So we finally found our hotel, and instead of letting our kids crash like they wanted to, we had to drag them out again because of the one and only chance to see The Acropolis and all that. It’s now 2pm. I ask the vague front desk guy how we get there, and he shows us on the map how to get to the Metro station, informs us we should get off at Monosteraki, and assures us The Acropolis is “very close”. Well, after getting off the train, we walked around for 10 minutes looking for signs or maps to guide us, but no luck, so we just started walking. We could see it, but it was not “very close” and it was very high up, and there didn’t seem to be any clear path.
I would say we waked about a mile, winding in and out of little streets lined with taverna and people selling their wares – all for half price apparently. But no signs. And the ones we did see were so completely covered in graffiti they were impossible to read. In fact, almost everything was covered in graffiti in Athens.
Anyway, after a couple of hours of circling The Acropolis, we had still not found a way in, and every time I asked someone, they just gesticulated and said Acropoli, like, you can’t miss it…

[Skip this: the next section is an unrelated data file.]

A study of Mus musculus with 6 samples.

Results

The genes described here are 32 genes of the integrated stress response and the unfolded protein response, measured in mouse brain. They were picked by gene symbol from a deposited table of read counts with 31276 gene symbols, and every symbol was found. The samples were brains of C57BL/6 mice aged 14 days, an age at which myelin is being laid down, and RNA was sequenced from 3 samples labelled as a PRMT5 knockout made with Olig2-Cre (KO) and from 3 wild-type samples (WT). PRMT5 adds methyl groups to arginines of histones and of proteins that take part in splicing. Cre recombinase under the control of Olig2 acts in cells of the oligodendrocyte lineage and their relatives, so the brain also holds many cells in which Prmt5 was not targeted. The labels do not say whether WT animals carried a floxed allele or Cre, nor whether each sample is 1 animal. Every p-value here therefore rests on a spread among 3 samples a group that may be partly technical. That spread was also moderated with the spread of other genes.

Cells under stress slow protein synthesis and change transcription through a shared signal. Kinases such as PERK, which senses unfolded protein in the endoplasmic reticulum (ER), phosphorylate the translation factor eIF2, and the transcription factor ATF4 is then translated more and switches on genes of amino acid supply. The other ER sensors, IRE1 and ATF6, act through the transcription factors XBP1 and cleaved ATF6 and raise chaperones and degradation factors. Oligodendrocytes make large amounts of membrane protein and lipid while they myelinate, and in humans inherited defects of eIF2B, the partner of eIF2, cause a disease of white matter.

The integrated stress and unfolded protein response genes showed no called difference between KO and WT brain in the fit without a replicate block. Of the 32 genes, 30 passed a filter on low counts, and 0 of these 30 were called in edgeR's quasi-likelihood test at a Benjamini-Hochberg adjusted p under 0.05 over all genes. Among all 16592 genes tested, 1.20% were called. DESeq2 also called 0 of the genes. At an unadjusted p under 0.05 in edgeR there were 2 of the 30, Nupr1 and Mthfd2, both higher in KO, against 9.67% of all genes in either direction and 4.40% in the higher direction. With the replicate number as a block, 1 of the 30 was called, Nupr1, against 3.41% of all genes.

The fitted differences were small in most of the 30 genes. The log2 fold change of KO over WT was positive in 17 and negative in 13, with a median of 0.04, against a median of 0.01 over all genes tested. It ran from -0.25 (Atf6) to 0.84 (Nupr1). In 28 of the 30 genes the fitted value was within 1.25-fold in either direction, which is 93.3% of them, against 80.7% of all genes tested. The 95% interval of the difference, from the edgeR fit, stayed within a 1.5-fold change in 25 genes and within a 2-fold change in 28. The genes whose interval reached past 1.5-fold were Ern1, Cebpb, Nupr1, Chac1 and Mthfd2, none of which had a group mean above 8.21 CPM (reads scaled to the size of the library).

As you can imagine, the kids are starting to lose it. We haven’t had a meal since the previous day, they were exhausted, sticky, hot, and thirsty. So, we basically gave up, sat down at a street cafe, and shared a big Greek taster plate. The kids said they wouldn’t eat, and we didn’t even feel hungry – too hot I think. But when it came, we ate! It was delicious, and it revived us enough that we were able to trudge back to the subway and get back to our hotel.
Turns out, The Acroplolis closed at 2:30 on that particular day. A fact nobody bothered to tell us.
And the hotel air conditioning didn’t work. We had a few tears that night. They wanted to go home. And who can blame them? What a frustrating, soul destroying kind of a day. Mairi called it The Greek Disappointment.